July 4th, 2012, 01:51 Posted By: wraggster
DICE general manager Karl Magnus Troedsson has criticised the lack of innovation present in many firstperson shooters today, believing that too few studios take the need for technical evolution seriously.
"The FPS is a very hardcore genre, and the hardcore crowd of the FPS is probably bigger than some other genres," he tells us. "And that crowd has extremely high demands on what the games are and how they develop.
"If they don't see some kind of new, if not revolutionary then at least evolutionary, step of rendering in every game they will start to lose interest. And I think that is what's happening. Because a lot of franchises out there don't take this seriously; to actually make sure that we don't just challenge ourselves on the gameplay aspect, or perhaps some other area like distribution method, but also how it [feels], how it looks and how it sounds.
"DICE has a strong history, for good and for bad, of doing this. We constantly bash ourselves and say, 'We could have done that better'. It might just be a rendering feature but in the end it adds up to the complete experience of what we're doing."
Troedsson points to the coming tech transition - both to new hardware and more powerful engines - and a move away from modern settings as temporary salves, but warns against using thematic switches in place of broader ambition.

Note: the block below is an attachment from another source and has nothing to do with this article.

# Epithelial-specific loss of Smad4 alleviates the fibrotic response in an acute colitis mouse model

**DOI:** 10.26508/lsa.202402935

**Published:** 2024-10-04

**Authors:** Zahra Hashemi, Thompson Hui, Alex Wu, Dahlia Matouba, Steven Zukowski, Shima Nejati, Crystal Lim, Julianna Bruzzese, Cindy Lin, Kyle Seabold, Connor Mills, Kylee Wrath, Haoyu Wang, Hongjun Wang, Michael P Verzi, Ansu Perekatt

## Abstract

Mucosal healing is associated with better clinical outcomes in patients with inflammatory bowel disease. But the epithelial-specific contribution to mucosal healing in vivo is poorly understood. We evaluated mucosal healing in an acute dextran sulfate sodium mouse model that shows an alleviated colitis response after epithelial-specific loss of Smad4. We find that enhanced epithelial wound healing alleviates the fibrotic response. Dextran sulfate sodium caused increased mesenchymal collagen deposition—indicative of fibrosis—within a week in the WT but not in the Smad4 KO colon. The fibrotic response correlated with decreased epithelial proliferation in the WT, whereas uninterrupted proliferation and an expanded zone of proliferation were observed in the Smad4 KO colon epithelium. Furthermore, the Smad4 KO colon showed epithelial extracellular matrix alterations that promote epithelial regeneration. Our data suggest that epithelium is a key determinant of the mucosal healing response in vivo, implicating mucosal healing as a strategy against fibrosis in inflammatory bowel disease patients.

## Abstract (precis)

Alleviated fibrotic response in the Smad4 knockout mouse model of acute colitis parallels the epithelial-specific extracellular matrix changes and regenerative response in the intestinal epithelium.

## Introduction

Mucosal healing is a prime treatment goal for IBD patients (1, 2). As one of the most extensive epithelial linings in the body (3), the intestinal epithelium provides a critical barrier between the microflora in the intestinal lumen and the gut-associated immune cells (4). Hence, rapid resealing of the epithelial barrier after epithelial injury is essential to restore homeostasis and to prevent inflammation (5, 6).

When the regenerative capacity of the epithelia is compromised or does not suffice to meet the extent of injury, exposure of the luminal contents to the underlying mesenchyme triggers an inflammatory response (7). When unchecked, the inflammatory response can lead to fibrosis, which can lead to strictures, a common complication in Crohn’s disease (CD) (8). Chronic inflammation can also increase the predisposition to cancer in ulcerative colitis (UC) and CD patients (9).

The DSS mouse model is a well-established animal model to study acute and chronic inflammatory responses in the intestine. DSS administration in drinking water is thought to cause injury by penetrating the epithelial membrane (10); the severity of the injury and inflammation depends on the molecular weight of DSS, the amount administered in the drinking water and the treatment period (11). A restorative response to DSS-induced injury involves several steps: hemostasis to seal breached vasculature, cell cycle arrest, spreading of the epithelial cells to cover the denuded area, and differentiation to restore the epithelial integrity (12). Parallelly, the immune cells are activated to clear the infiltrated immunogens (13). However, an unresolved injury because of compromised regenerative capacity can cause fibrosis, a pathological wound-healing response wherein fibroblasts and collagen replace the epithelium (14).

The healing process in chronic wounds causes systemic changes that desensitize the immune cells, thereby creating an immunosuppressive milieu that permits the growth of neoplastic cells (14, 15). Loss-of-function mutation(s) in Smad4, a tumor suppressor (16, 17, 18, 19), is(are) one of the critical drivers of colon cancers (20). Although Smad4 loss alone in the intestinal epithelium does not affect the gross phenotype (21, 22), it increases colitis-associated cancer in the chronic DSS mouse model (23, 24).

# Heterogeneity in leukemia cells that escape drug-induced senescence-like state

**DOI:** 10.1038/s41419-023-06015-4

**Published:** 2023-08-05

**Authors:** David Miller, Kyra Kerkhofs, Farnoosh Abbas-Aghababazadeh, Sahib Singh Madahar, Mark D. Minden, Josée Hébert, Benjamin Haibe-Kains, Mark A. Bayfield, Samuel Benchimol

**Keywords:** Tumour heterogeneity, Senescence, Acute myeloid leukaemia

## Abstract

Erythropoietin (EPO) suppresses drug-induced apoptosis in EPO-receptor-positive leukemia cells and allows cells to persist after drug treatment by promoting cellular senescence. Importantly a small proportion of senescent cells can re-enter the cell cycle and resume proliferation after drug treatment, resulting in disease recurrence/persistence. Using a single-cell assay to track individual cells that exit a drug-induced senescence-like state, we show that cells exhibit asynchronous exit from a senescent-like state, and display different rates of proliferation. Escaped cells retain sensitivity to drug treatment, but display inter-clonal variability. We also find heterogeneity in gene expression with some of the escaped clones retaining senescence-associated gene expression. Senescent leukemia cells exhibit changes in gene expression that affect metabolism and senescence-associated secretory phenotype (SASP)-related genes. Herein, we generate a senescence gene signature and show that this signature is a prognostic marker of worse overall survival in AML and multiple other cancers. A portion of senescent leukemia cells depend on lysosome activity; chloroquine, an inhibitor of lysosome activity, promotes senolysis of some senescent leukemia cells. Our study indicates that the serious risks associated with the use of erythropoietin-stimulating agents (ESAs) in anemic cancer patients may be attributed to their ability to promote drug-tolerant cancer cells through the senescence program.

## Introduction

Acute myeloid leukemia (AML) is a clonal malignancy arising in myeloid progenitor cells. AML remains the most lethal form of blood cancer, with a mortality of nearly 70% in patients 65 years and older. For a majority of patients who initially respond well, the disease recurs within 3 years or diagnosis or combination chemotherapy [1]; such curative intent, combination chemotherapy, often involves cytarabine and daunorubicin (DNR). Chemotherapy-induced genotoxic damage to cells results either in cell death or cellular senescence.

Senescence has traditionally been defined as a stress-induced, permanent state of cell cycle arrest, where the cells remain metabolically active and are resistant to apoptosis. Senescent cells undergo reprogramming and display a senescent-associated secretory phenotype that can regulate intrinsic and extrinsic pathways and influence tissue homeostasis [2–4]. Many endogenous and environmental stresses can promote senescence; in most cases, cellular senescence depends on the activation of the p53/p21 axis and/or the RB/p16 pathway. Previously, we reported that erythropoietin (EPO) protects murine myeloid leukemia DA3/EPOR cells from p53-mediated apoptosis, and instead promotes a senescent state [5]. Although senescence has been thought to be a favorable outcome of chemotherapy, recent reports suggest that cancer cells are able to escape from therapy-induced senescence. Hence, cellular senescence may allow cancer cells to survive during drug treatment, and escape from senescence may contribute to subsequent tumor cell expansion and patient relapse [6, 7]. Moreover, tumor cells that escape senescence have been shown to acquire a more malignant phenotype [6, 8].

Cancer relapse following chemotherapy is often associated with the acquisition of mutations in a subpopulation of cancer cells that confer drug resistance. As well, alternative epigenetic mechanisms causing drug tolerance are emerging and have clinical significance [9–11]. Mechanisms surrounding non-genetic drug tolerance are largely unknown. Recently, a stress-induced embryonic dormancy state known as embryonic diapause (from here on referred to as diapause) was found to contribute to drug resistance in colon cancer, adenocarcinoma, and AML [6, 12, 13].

"I think we're going to start seeing people moving away from the modern setting, because every now and again settings or themes start to get stale and then everyone jumps over," he continues. "Y'know, at some point dinosaurs are the hottest thing and everyone is making games with dinosaurs, but there are trends. It used to be WWII, and recently it's been the modern era and people are now moving towards near future.
"But it's a bit cheap to just say, 'Okay, we're going to switch and go back in time or into the future and that will be innovation'. It will definitely drive the franchise forward for whatever game, but it's not true innovation, it's more a thematic change that has a perceived value to the gamers out there. But as a developer you can only make so many games in one particular era, and then you personally start to get a bit bored with it."
That propensity toward trends at the mainstream end of the market, rather than a greater diversity of themes, is, of course, what many critics of the genre would point to as its major problem. But it's hard to begrudge big-budget teams' need to minimise risk in the face of a cripplingly conservative buying public. And while Troedsson acknowledges that more needs to be done, spectacle remains high on his list of priorites.
"I think it's our responsibility as game developers to always push ourselves when it comes to the experience of games," he concludes. "To always make sure that when we put games in the hands of consumers that we are proud of what we've done.
"I'm not saying we're going to build an FPS that will make you cry, or anything like that [laughs]. But we want people to be amazed when they look at our games. And I think this is more important than becoming number one in whatever way you look at it - though naturally part of that comes from a very high level of competitiveness here within DICE. We want to make the best game that we can, and we want that game to be the best one on the market. If gamers think that, then we've done our job. We're not there yet, but we're working on it."